George Yendewa, MD - How He's Helping His Home Country
April 05, 2022
University Hospitals infectious disease specialist brings his expertise back to his native Sierra Leone
Growing up in war-torn Sierra Leone, infectious diseases were so prevalent that George Yendewa, MD, MPH, did not even realize that people died of causes beyond malaria, tuberculosis and HIV.
Cancer? Heart disease? It seemed no one lived long enough to succumb to these maladies that beset people in wealthier nations. Life expectancy is only 55 years in this African country. In 1980, it was 40.
“The health care infrastructure is very, very fragile on the back of a poor economy,” said George Yendewa, MD, MPH & TM, FACP, attending physician in the Division of Infectious Diseases at UH Cleveland Medical Center. “I remember being fascinated by infectious diseases. I wanted to study these diseases to help the most vulnerable populations – children, pregnant women, fishermen, the homeless or incarcerated.”
To further his work, the Roe Green Center for Travel Medicine & Global Health has awarded Dr. Yendewa multiple $30,000 grants over several years as a Roe Green Global Health Scholar.
A key mentor
The Sierra Leone native attended medical school in Prague and came to the United States for a Master of Public Health degree from Tulane University in New Orleans. While working on his internal medicine residency in New York, he became familiar with the ground-breaking work of Robert Salata, MD, Chairman of the Department of Medicine at University Hospitals and Program Director of the Roe Green Center for Travel Medicine & Global Health. In 2015, he was drawn to the Infectious Diseases fellowship at UH, which was known for a strong focus on global health, and the opportunities at Case Western Reserve University, including working in West Africa.
“I was really attracted to the chance to be mentored by Dr. Salata, and to the work this Midwestern university had been doing in Uganda for over 30 years,” Dr. Yendewa said. “When I came on board it was such a natural fit. It became very clear that this is the field I wanted to work in.”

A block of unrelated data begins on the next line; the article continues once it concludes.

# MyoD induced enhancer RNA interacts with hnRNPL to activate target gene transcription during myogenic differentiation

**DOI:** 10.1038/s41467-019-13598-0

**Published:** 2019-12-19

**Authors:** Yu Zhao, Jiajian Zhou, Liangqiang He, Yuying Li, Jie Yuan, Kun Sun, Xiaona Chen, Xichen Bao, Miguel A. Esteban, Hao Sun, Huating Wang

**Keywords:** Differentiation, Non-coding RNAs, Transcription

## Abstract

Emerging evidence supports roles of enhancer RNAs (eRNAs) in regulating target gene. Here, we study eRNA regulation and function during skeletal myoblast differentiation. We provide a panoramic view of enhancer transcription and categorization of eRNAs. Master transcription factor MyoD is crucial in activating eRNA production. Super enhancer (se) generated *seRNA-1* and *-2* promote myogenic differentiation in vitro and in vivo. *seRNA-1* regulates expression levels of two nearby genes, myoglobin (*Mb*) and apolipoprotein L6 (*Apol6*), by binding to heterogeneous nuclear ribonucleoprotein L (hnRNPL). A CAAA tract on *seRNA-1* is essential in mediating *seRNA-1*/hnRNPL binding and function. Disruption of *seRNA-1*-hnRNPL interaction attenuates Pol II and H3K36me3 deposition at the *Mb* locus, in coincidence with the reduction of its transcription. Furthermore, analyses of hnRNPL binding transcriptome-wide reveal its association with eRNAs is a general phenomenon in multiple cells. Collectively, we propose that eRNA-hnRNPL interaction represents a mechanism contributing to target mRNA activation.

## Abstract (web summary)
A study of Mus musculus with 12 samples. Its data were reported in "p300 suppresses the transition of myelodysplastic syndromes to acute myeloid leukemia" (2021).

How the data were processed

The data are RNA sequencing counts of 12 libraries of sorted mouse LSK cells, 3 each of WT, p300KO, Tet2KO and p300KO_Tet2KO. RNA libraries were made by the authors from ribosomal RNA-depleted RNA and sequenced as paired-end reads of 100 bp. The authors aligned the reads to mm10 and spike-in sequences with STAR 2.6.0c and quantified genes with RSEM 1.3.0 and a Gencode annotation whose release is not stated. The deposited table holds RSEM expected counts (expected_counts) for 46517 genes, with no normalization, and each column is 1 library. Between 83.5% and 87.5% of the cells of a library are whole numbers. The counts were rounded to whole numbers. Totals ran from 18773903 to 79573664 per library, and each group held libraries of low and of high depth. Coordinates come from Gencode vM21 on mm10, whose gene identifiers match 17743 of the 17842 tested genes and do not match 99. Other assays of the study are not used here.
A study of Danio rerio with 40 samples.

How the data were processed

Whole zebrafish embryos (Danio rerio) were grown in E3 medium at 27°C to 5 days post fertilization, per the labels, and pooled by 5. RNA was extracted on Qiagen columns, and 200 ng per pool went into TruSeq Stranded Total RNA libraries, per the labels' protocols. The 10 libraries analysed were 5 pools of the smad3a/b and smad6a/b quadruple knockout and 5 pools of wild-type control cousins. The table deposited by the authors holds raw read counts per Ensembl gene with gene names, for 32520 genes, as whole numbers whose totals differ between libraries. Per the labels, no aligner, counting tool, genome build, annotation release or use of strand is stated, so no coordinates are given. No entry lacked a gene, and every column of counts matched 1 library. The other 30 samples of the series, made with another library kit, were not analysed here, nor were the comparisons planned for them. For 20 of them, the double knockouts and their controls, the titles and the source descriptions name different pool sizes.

Dr. Yendewa and Dr. Salata traveled together to Uganda and Sierra Leone in 2016. The country had been hit hard by the Ebola virus, and Dr. Yendewa planned to study post-Ebola syndrome. But while there, he saw the extent of the HIV epidemic. Working with the University of Sierra Leone, which has the only medical school in the country, Dr. Yendewa and his team began researching the scope of HIV, its resistance to drugs, and its connection with Hepatitis B.
“George is very bright, hardworking and passionate about global health,” Dr. Salata said. “He is truly a rising star. His work is critically important and he is very dedicated to his country of birth.”
For the past three years, Dr. Yendewa has received funding to further his work on the epidemiology of HIV and Hepatitis B in Sierra Leone. He is intent on understanding the extent of these infectious diseases in his home country, how they present, how patients find care, and how to improve outcomes in a country recovering from civil war and an insufficient health infrastructure.
“I’m working on establishing the scientific evidence to support the care these patients need,” said Dr. Yendewa, who went to Sierra Leone most recently in December and plans a return trip after the birth of his first child. “I want to see how these diseases are causing non-infectious complications in the body.”
Dr. Yendewa is also the director of Roe Green Global Health Track in the Internal Medicine residency program, and he trains the fellows in ID also.
His goals include implementing a Center of Excellence for HIV and Hepatitis B in Sierra Leone, with a post-graduate program in Infectious Disease in a country sorely in need of this expertise. Currently, there is only one infectious diseases expert in the entire country.
“The work has to be done,” Dr. Yendewa said.